Woman signing for packages with a delivery person.


How to get Amazon Prime Day credits

In addition to bonus games and discounts on Prime Video and other subscriptions, Amazon is offering an instant $200 gift card to Prime customers who sign up for its Prime Visa card between June 29 and July 26. It also has the following specific credits for Prime Day spending.

Get $5 credit when you buy a $50 eGift card

If you buy an eGift card on Amazon between July 3 and July 10, you can get a $5 credit to be used during Prime Day. To qualify, you’ll need to be a Prime member and click the button in the offer terms and conditions section.

Get $15 credit when you use the Amazon Photos app

Eligible customers can get a $15 credit to spend during the Prime Day event if they download the Amazon photos app and upload a photo before 11:59 p.m. on July 7. The offer isn’t available to people with a trial Amazon Prime membership.

Amazon says it will send an email within four days confirming that the credit has been applied to your account. The app gives you unlimited photo storage and 5GB of video storage. If you need more space, you’ll need to pay a monthly fee.

Amazon’s big sale is much more than a day

Prime Day is somewhat of a misnomer. Not only is the sale itself actually two days long, there are several offers that run before and after the main event. For example, from June 21 to July 10, Prime members can get 20% off when they spend $50 or more at Amazon Fresh. Prime members can also access early deals with big brands starting June 21.

It’s also worth knowing that Amazon isn’t the only show in town, sales wise. Other big stores such as Target and Walmart will have sales at similar times to Amazon, so it’s worth shopping around for the best deals. Target’s Circle Week sale runs from July 9 to 15 and Walmart Plus Week runs from July 10 to 13.

Avoid buyer’s remorse

I am a sucker for a good sale and I’ve been watching out for Amazon Prime Day for months. There are several items I’ve been holding off on buying in case I can get Prime Day discounts. But sales can also be dangerous spending wise, especially when you can see the timer ticking down or the percentage of the items that have been claimed ticking up.

Make a list of the things you need and set a budget for how much you can spend. One trick to stop yourself from overspending during sales is to be ruthless about needs and wants. You probably don’t need that Hawaiian shaved ice machine or rotary cheese grater. You might, however, need back-to-school supplies or replacement headphones that you’ll use for work.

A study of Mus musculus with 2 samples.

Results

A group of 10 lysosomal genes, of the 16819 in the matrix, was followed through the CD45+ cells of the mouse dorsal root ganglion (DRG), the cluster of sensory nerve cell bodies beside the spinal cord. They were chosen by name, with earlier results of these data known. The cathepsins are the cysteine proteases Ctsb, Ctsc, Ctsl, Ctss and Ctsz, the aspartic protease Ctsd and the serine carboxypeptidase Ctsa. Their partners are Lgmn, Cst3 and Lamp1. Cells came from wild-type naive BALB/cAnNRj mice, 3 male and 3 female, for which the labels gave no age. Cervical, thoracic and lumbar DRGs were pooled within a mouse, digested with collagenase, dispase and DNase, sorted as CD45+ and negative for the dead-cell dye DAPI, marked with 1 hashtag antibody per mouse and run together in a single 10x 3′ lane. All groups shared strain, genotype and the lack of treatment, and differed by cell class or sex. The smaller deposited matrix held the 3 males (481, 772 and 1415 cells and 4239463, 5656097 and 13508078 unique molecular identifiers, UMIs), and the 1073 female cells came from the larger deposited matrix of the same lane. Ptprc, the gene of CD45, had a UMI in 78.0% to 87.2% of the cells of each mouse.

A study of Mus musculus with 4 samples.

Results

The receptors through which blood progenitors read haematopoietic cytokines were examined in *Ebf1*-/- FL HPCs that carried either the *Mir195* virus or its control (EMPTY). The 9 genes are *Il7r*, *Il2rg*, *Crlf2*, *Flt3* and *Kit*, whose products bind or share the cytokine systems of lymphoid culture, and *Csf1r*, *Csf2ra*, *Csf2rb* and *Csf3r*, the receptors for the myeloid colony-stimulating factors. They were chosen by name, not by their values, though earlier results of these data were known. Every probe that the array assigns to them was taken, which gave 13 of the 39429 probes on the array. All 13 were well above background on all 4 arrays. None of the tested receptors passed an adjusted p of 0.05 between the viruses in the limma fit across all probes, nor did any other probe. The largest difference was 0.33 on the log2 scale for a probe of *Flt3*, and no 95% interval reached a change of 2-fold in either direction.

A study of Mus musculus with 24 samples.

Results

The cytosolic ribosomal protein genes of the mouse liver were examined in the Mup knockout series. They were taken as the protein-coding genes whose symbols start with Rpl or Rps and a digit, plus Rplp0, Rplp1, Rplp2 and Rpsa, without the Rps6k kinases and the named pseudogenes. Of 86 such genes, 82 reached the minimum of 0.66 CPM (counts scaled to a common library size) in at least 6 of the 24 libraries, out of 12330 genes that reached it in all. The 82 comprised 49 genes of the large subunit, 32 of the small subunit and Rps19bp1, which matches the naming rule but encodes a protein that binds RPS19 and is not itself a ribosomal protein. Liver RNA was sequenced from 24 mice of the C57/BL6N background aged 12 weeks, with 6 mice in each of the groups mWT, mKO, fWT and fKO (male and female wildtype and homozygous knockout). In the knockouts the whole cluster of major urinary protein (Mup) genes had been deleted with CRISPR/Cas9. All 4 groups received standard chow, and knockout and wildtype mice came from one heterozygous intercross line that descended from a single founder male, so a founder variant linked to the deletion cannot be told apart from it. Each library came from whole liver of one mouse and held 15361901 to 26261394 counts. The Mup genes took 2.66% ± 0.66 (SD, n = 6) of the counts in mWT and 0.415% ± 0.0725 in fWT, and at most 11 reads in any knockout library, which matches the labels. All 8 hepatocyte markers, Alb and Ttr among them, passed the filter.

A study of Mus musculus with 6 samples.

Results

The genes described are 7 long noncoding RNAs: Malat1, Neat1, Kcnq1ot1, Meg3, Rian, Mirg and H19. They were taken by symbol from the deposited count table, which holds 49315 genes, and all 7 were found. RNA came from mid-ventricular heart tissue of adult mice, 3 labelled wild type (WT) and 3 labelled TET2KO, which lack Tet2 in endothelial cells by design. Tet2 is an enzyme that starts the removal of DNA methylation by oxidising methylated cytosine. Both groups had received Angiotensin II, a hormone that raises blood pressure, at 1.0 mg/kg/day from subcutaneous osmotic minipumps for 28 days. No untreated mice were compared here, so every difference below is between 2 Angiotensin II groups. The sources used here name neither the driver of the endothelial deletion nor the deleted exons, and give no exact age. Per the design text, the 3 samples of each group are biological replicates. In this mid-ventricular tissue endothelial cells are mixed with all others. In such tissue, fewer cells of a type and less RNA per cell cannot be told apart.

That isn’t to say you can’t splurge a bit if you’ve got the cash. But if you don’t have enough money in your checking account, don’t let these discounts send you into the red. It can be tempting to put sale items on your credit card, even when you know you won’t be able to pay off the balance at the end of the month. Try to resist taking on debt for a special offer — if you can’t pay it off quickly, you may wind up paying more in interest than you save.

Consider whether Prime membership is worth it

Think about whether you’ll save enough to warrant paying the $14.99 monthly Amazon Prime fee. It’s true that if you can qualify for the $20 in credits above, it will cover one month’s subscription. Plus, if you haven’t used Prime in the past year, you may be able to get a free trial (though that could stop you qualifying for the credits).

You might also be able to get a discount on your Prime membership. If you receive government assistance such as SNAP benefits or Medicaid, the price may come down to $6.99 a month. The discounted rate for students is $7.49 per month.

Amazon Prime membership can offer some decent perks. If you’re going to use the free shipping, music, movie and TV streaming, or Whole Foods discounts, it may pay for itself. But if not, consider only signing up for a month’s worth of membership around Prime Day or not at all.

The Ascent does not cover all offers on the market. Editorial content from The Ascent is separate from The Motley Fool editorial content and is created by a different analyst team.John Mackey, former CEO of Whole Foods Market, an Amazon subsidiary, is a member of The Motley Fool’s board of directors. Emma Newbery has positions in Amazon.com. The Motley Fool has positions in and recommends Amazon.com, Target, Visa, and Walmart. The Motley Fool has a disclosure policy.